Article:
Last weekend (March 17-19) was spent providing food for mosquitoes and learning warblers with Etienne Marais and Sheleph Burger. Every year many millions of warblers make the journey from the northern hemisphere all the way to Africa, many of them overwintering (the northern winter) in South Africa. Etienne put on a field course in warbler identification, and I learned a lot from that experience, and his comprehensive knowledge of birds. I am posting this so I can learn more by writing, and so I can come back to it next year.
The event was held at Zaagkuilsdrift Bird Sanctuary and Lodge, off Zaagkuilsdrift Road. The lodge is an awesome place for birders, with excellent rooms, great service, truly wonderful food, and access to the birding richness of Zaagkuilsdrift Road and the Kgomo-Kgomo floodplain.
The field course was mainly targeted at identification, so a lot of it involved listening (sounds are critical with warblers) and observing the birds. We managed to hear and see the elusive river warbler, as well as marsh, icterine, olive-tree warblers, common whitethroat, and thrush nightingale. Unfortunately, photography took second place to learning the birds. I will go photograph them next year, hopefully I can remember what I learnt until then!
Below are some of the birds we saw (not all photographed on the weekend or at Zaagkuildrift). One of the warblers is the Olive-tree warbler, named because it commonly nests in olive trees around the Mediterranean. This is an Old World warbler in the tree warbler genus Hippolais. It breeds in southeast Europe and the near east, over-wintering in eastern and southern Africa, from Kenya south to South Africa. It was a privilege to catch one of them on Sunday afternoon, just a few days before they all leave for their nesting grounds. Listen to it on Xeno-canto.
Olive-tree warbler, Hippolais olivetorum, at Zaagkuildrift Road near Kgomo Kgomo, South Africa
Another Hippolais, the Icterine warbler (Hippolais icterina) was also abundant and it was nice to observe them. The yellow form is obvious, but it is hard to distinguish the grey form from the Olive-tree warbler. You can listen to them on Xeno-canto to get a sense of their call.
Icterine warbler, Hippolais icterina, at nearby Dinokeng Game Reserve, Gauteng/Limpopo, South Africa
We saw river warblers, which was quite a special moment, as lots of birders are still trying to see that bird. It breeds in east and central Europe into western Asia, over-wintering in eastern and southern Africa. Although I didn’t manage to catch a photo of it, you can listen to it on Xeno-canto. Its scientific name – Locustella fluviatilis – gives an indication of what it sounds like. The song is a monotonous mechanical insect-like reeling, sometimes said to have a sewing machine quality, which can relate to, those old Singer hand operated machines!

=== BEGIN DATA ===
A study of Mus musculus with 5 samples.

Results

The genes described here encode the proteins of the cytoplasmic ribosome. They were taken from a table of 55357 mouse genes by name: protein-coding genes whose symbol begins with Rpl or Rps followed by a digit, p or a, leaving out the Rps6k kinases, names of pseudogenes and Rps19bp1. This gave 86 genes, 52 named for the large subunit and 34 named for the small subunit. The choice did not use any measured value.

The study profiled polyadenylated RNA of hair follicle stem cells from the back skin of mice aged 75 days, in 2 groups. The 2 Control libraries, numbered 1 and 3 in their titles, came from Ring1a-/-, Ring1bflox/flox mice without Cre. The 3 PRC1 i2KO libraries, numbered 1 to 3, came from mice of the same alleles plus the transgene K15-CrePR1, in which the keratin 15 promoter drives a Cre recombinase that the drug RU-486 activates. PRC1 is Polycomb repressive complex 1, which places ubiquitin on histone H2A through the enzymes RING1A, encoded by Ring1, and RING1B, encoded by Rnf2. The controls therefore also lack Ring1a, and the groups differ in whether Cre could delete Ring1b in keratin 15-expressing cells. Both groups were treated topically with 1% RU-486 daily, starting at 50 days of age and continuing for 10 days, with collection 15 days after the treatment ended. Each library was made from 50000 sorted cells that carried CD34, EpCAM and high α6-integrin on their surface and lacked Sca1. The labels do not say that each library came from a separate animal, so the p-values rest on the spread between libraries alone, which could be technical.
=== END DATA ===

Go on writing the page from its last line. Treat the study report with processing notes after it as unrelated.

A special one for me was the thrush nightingale(Luscinia luscinia). This is not actually a warbler, but an an Old World flycatcher, Muscicapidae, and similar to species that are known to us as chats. Again, I didn’t manage to photograph it, but this one and the river warbler is going to be a special project for me next year. There are no songs on Xeno-canto for this bird, so maybe next year I will record it as well. Mark that down as an action item for next March.
Marsh warblers (Acrocephalus palustris) were calling a lot in the area but I only got a brief glimpse of one. It is an Old World warbler in the family Acrocephalidae. It breeds in temperate Europe and western Asia and winters mainly in southern and eastern Africa. It is notable for incorporating striking imitations of a wide variety of other birds into its song. You can listen to them on Xeno canto.
I don’t think we saw a willow warbler (Phylloscopus trochilus), but they are found in the area, and I did see it at nearby Dinokeng Nature Reserve, so I include a picture of it here that I took at Marakele National Park. This is a very common and widespread leaf warbler which breeds throughout northern and temperate Europe and Asia, from Ireland east to eastern Siberia, and it over winters in sub-Saharan Africa.
Willow warbler, Phylloscopus trochilus, at Marakele National Park, Limpopo, South Africa
Common whitethroat (Sylvia communis) were also common in the area. They are Sylvia warblers, sharing this genus with the garden warbler (which we saw very briefly) and the elusive and perhaps mythical (in the area) European Blackcap.
Etienne Marais is a well know leader of birding expeditions and field courses in Southern Africa, and co-author of my bible for finding birds in this part of the world, Birding Gauteng. His indicator birding website is at http://www.birding.co.za/. It is well worth joining him on one of his trips or courses.